The hearing stretched nearly six hours and was besieged by tech glitches

Postmaster General Louis DeJoy testifies during the House Oversight and Reform Committee hearing titled "Protecting the Timely Delivery of Mail, Medicine, and Mail-in Ballots," in the Rayburn House Office Building on Monday.
Postmaster General Louis DeJoy testifies during the House Oversight and Reform Committee hearing titled "Protecting the Timely Delivery of Mail, Medicine, and Mail-in Ballots," in the Rayburn House Office Building on Monday. (Tom Williams/CQ Roll Call)

Even as Postmaster General Louis DeJoy told the House Oversight and Reform Committee on Monday he had asked people associated with President Donald Trump’s campaign to tone down attacks on the U.S. Postal Service, the president was on a stage in Charlotte, N.C., attacking the agency.

“I have put word around to different people, to please, that this is not helpful,” DeJoy said in response to a question from Rep. Gerald E. Connolly, D-Va. DeJoy said he did not speak to campaign leadership, but spoke with “friends of mine that are associated with the campaign.”

At times, DeJoy’s exchanges with Democrats got heated as they pressed him for answers on the removal of sorting machines, his stock holdings and his ties to Trump.

Most lawmakers and Postal Service Board of Governors Chairman Robert M. Duncan appeared remotely at a hearing that stretched nearly six hours and was besieged by tech glitches.

As DeJoy testified in person, Trump appeared at the Republican National Committee in Charlotte, continuing to cast doubt on the nation’s mail carrier. He suggested, without evidence, that Democrats would somehow skew election results with ballots cast in the mail. The president himself has voted by mail this year.

“In a very, very nice way, I will tell you they are trying to steal the election,” Trump said.

[Postmaster general: ‘Dramatic’ changes ahead, but confidence in election mail is strong]

Oversight and Government Reform Chairwoman Carolyn B. Maloney, D-N.Y., pressed DeJoy on documents generated by USPS showing a significant drop in on-time nationwide mail delivery in recent months. That has raised concerns among Democrats about whether mail-in ballots will be properly delivered before the election, despite reassurances from DeJoy.

The documents show that Postal Service performance for first-class mail delivery from possession to delivery measured against the service expectation declined from about 92 percent on time at the beginning of July to about 84 percent on time at the beginning of August.

DeJoy said the delays were mostly temporary because of restructuring, and his team was “starting to see a nice recovery.”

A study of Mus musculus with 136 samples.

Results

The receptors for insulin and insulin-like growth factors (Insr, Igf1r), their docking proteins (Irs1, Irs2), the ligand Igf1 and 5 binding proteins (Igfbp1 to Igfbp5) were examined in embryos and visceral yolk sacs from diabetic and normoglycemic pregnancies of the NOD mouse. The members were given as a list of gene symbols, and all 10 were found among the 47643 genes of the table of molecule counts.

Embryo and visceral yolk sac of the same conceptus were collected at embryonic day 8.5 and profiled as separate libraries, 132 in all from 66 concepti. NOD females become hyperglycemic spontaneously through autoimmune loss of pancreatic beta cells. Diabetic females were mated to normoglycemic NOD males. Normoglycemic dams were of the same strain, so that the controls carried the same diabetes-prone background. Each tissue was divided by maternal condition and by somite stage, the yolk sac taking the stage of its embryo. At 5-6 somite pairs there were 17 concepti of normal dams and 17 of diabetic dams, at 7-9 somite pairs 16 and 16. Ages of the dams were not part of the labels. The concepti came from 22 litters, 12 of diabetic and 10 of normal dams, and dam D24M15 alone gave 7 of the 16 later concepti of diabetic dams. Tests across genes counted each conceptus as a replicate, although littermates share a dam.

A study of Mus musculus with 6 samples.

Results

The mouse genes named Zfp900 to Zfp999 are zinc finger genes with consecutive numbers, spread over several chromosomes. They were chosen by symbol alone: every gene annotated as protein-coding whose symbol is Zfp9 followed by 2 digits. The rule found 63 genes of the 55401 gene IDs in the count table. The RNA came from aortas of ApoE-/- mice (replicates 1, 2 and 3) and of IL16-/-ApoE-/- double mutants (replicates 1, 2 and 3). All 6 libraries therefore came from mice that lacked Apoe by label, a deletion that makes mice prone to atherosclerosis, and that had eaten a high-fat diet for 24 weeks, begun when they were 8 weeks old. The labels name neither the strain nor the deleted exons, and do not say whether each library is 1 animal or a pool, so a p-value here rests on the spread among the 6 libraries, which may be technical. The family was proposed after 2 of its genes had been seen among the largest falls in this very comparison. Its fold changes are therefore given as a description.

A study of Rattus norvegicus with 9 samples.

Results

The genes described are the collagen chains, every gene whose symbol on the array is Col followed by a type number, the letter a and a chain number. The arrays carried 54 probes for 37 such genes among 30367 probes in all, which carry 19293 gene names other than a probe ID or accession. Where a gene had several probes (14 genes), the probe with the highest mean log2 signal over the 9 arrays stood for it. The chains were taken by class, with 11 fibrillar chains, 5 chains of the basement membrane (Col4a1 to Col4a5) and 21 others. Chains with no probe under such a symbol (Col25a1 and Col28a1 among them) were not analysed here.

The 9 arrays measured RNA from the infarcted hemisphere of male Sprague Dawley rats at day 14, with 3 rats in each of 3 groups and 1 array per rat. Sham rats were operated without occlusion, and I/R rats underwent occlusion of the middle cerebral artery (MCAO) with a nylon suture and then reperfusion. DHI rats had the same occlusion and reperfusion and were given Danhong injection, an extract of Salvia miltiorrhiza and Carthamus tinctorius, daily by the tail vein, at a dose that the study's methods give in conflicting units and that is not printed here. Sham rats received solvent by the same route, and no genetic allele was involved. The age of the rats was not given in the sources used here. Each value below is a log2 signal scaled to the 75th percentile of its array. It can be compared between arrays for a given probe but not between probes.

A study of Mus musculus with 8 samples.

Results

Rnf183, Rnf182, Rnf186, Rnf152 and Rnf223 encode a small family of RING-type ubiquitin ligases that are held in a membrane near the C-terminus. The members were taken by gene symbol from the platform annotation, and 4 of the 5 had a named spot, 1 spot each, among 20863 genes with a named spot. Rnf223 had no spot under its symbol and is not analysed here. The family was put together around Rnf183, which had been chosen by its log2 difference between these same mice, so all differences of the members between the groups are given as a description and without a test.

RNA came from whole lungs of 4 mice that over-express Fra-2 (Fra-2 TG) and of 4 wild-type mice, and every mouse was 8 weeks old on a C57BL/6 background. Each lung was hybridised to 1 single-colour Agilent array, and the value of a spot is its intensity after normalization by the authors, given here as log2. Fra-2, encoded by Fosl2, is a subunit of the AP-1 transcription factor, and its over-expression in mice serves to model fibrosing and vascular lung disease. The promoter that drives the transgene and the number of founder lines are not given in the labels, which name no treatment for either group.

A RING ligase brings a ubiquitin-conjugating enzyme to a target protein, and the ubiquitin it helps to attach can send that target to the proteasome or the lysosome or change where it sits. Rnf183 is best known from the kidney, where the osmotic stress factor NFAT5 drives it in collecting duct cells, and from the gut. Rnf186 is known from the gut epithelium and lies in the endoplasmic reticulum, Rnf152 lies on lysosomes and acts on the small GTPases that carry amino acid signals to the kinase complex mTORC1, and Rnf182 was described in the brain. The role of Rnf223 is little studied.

Delays in service

In his opening remarks, the committee’s ranking Republican, James Comer of Kentucky, said the hearing was a political stunt and Democrats were whipping up a “hysterical frenzy.” He also accused the committee of doing things “backwards,” noting the House voted on a bill before getting more information from DeJoy.

The House held a rare Saturday session to pass legislation to reverse operational changes at the U.S. Postal Service made since the start of the year and to provide the agency $25 billion to help sustain service levels through the COVID-19 pandemic. Its Senate prospects are uncertain.

Arizona Republican Rep. Paul Gosar, who hails from a heavily rural district, thanked DeJoy for acknowledging the drop in on-time mail and asked about the billions of dollars cash the agency has on hand and whether it will have enough to continue operating through November’s election.

DeJoy acknowledged the agency could continue through the election without assistance but said it needs a better long-term strategy.

Complaints of mail delays that led to a spoiling of perishable prescriptions, food and other packages before reaching their destination have gotten louder in recent weeks.

Republican Virginia Foxx, who represents northwestern North Carolina, said she and her husband have “experienced some very, very inefficient services on the part of the post office in the last few weeks,” but declined to go into details.

Across the country, the Postal Service has decommissioned sorting machines and removed some mail boxes as part of broader cutbacks. DeJoy was repeatedly asked whether he would put them back, and he said he would not.

During questioning from California Democrat Katie Porter, DeJoy answered her question on the cost of a first class stamp but didn’t know what a postcard costs to send, admitting he knows “very little” about postage stamps.

Porter pressed the former logistics executive about his financial interests, and whether he would commit to resigning if the Postal Service inspector general found he committed misconduct related to his financial interests.

“I don’t believe they will find misconduct, but I don’t see why I would commit here right now to resigning for any reason,” he said.

Hiring process

Duncan was asked by several lawmakers about how DeJoy, a Trump megadonor, was selected for the job of postmaster general.

DeJoy has given more than $214,000 to 15 Republicans currently serving in Congress, according to a CQ Roll Call review of Federal Election Commission records.

Illinois Democrat Raja Krishnamoorthi asked Duncan about the board’s hiring search and why DeJoy, who was not among the candidates identified for the job by a recruitment agency aiding its search, was selected.

Duncan said that in addition to the recruiting agency, the board solicited candidates for the job from members of Congress, the White House and other board members, and he personally probably added a “half a dozen different names.”

After the holidays and as the coronavirus pandemic began, Duncan said he was made aware of DeJoy’s availability for consideration, and that’s when he was added to the candidate pool.